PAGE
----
How Couples Can Work Through PTSD
Jim DalyJim Daly is president and chief executive officer of Focus on the Family, a non-profit organization dedicated to helping families thrive.
- 2013 Jul 17
Yesterday I wrote about Post-Traumatic Stress Disorder from the perspective of military marriages – what might couples expect after a war veteran returns home. Today I’m continuing this two-part series by sharing how couples can work through PTSD in a way that will make the marriage stronger than it ever was before.
One thing to remember is that it’s not only war vets who can struggle with PTSD. People who have experienced any sort of trauma are vulnerable – living through a natural disaster, like the wildfires that raged through Colorado last summer and this year, or the tornado that recently ravaged Moore, Okla., or events like the Boston bombings or chemical explosion in Texas. All these things can trigger PTSD. Personal trauma like sexual assault or abuse, the murder or suicide of a family member or loved one, living through abject poverty or gang violence can also cause PTSD in someone.
It’s estimated that about 5.2 million adults have PTSD in the U.S. during a given year, so there’s a good chance that you might know a couple, or might someday know one, that will need to work through this issue. Despite the challenges, these marriages can thrive with the Lord’s help and with the aid of community and professional support.
Today I’ll share some of the practical advice our counselors here at Focus give to couples dealing with trauma and PTSD. These principles are useful both for military couples reeling from the aftereffects of war, or for couples who are working through trauma of a different sort, like the almost-500 families who lost homes in the recent Black Forest Fire here in Colorado.
Point One: HOPE
Marriages can not only “bounce back” from PTSD – they can “bounce forward.” This is because horrific trauma and adversity can be profited from. Think about someone who is experiencing PTSD as a result of war or other trauma. Once they work through that, little else will shake them – but their heart can become soft and compassionate for others experiencing hardship.
The process of successfully working through a challenge like Post-Traumatic Stress Disorder not only can build character and strength, it can create a resilient marriage. This process takes discipline, time and hard work. You have to make active choices to move forward a little bit each day – but the knowledge that your marriage relationship can become stronger as a result can serve as motivation to keep going.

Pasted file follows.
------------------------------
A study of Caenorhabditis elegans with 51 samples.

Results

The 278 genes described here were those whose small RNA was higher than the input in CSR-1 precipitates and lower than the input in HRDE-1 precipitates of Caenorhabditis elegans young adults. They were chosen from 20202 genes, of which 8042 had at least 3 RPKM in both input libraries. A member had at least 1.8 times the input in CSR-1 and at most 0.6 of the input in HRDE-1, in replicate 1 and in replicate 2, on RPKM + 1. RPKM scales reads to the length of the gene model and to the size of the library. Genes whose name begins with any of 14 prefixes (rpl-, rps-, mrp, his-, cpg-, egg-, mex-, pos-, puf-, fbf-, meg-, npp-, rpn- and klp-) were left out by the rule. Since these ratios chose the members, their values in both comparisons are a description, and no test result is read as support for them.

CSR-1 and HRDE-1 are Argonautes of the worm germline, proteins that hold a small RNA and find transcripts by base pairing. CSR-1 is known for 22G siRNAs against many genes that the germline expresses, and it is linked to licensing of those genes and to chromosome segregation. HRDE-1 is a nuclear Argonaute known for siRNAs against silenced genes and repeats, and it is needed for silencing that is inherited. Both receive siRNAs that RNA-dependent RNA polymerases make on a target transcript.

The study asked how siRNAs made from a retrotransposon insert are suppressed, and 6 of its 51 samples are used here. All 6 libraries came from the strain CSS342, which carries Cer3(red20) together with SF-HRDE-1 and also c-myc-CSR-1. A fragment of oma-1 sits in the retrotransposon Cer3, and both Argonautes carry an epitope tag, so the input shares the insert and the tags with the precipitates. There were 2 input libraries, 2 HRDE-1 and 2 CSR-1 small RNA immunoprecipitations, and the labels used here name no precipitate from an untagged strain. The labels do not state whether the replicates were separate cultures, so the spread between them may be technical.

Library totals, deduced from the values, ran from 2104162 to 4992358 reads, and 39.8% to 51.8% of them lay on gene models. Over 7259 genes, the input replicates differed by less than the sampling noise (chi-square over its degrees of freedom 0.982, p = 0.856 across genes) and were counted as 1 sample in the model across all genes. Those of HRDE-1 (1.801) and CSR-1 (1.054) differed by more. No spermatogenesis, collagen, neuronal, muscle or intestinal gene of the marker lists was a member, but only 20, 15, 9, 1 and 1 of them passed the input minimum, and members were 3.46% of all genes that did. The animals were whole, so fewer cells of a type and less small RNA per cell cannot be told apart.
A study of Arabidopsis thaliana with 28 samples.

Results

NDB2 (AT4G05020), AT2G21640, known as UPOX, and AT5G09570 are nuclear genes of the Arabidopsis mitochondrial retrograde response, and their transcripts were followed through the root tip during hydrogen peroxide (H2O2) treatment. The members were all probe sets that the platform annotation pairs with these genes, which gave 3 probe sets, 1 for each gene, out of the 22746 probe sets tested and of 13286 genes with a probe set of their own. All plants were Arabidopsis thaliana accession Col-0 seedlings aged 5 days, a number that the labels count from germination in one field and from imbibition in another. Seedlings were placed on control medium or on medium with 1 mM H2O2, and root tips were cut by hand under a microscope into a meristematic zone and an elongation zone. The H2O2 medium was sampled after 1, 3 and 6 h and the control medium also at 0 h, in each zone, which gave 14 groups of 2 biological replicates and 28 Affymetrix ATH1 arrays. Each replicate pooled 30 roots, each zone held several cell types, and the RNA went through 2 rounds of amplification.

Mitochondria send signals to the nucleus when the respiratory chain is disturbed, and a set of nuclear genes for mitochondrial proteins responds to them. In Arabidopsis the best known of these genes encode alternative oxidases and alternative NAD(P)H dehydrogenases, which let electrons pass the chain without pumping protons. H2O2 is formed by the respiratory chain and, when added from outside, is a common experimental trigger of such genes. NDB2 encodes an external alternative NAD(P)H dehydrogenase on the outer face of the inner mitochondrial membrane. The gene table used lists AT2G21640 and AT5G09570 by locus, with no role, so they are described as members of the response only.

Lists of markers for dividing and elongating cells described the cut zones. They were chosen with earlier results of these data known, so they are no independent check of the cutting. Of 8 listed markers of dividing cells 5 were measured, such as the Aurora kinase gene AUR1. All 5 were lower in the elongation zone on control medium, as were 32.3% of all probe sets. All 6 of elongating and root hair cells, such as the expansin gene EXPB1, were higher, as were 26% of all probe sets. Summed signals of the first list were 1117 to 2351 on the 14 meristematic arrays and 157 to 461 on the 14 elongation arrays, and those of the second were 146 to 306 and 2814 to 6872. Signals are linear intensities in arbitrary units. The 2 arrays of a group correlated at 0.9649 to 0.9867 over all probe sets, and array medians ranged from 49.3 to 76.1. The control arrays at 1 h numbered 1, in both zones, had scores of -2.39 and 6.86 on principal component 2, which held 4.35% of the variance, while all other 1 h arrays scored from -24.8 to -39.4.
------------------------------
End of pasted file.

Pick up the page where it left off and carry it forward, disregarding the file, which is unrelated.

Point Two: TEAM
Marriage is about teamwork. The commitment to foster the discipline to go through tough times takes love, resilience, perseverance – and a plan.
Work together to create a plan that will start moving you forward, and that will enable you to connect positively with your spouse.
Point Three: SKILLS
Moving forward as a team will be difficult unless you have the skills to achieve that goal.
Participating in positive activities together
Engaging in positive communication
Taking part in positive problem solving
Each stage requires the “wellbeing skills” of forgiveness, kindness, self-control, patience and thankfulness.
To the combat veteran: please understand that the skills you had to learn on the battlefront might not serve you well at home – other skills are needed. Home is different. You are with a person who loves, cares and is committed to you now, not an enemy. Just as you learned the skills needed to survive combat, you can now take on a new mission: learning the skills needed to thrive at home and in your marriage.
Point Four: AWARENESS
The person living with PTSD needs to make the choice to notice and be aware when the threat-perceiving/reacting portion of the brain starts to ramp up. He or she needs to take charge of the emotions that are welling up. This can be done by taking a break to gain perspective and reestablishing emotional equilibrium and balance. The spouse can help by disengaging and taking up the matter at hand at a more opportune time.
A word about emotions: they are important, but they can’t be in charge. Think about it this way – while you can openly invite your emotions to the table, you can’t let them sit at the head of the table.
If all of this seems like a lot of hard work, it’s because it is. It may not seem fair to have to take on an uphill battle after already enduring through so much. But be encouraged that it’s not “too” difficult.
Married couples: Be heartened that Post-Traumatic Stress Syndrome, and adjusting back to civilian life after a wartime deployment, is something you can achieve together. Don’t do it alone. Reach out to your community, to your church, and to us here at Focus. We’ll make it through together.
To speak with a Focus on the Family help specialist or counselor, contact us at 1-800-A-FAMILY, or via email at email@example.com.
If you’d like to learn more about the struggles military marriages face after the return home, you can read our series of articles on post-deployment reality on our website. You can also listen to our two-day broadcast from a few years back, the “Impact of PTSD on Military Families, Part I and Part II.”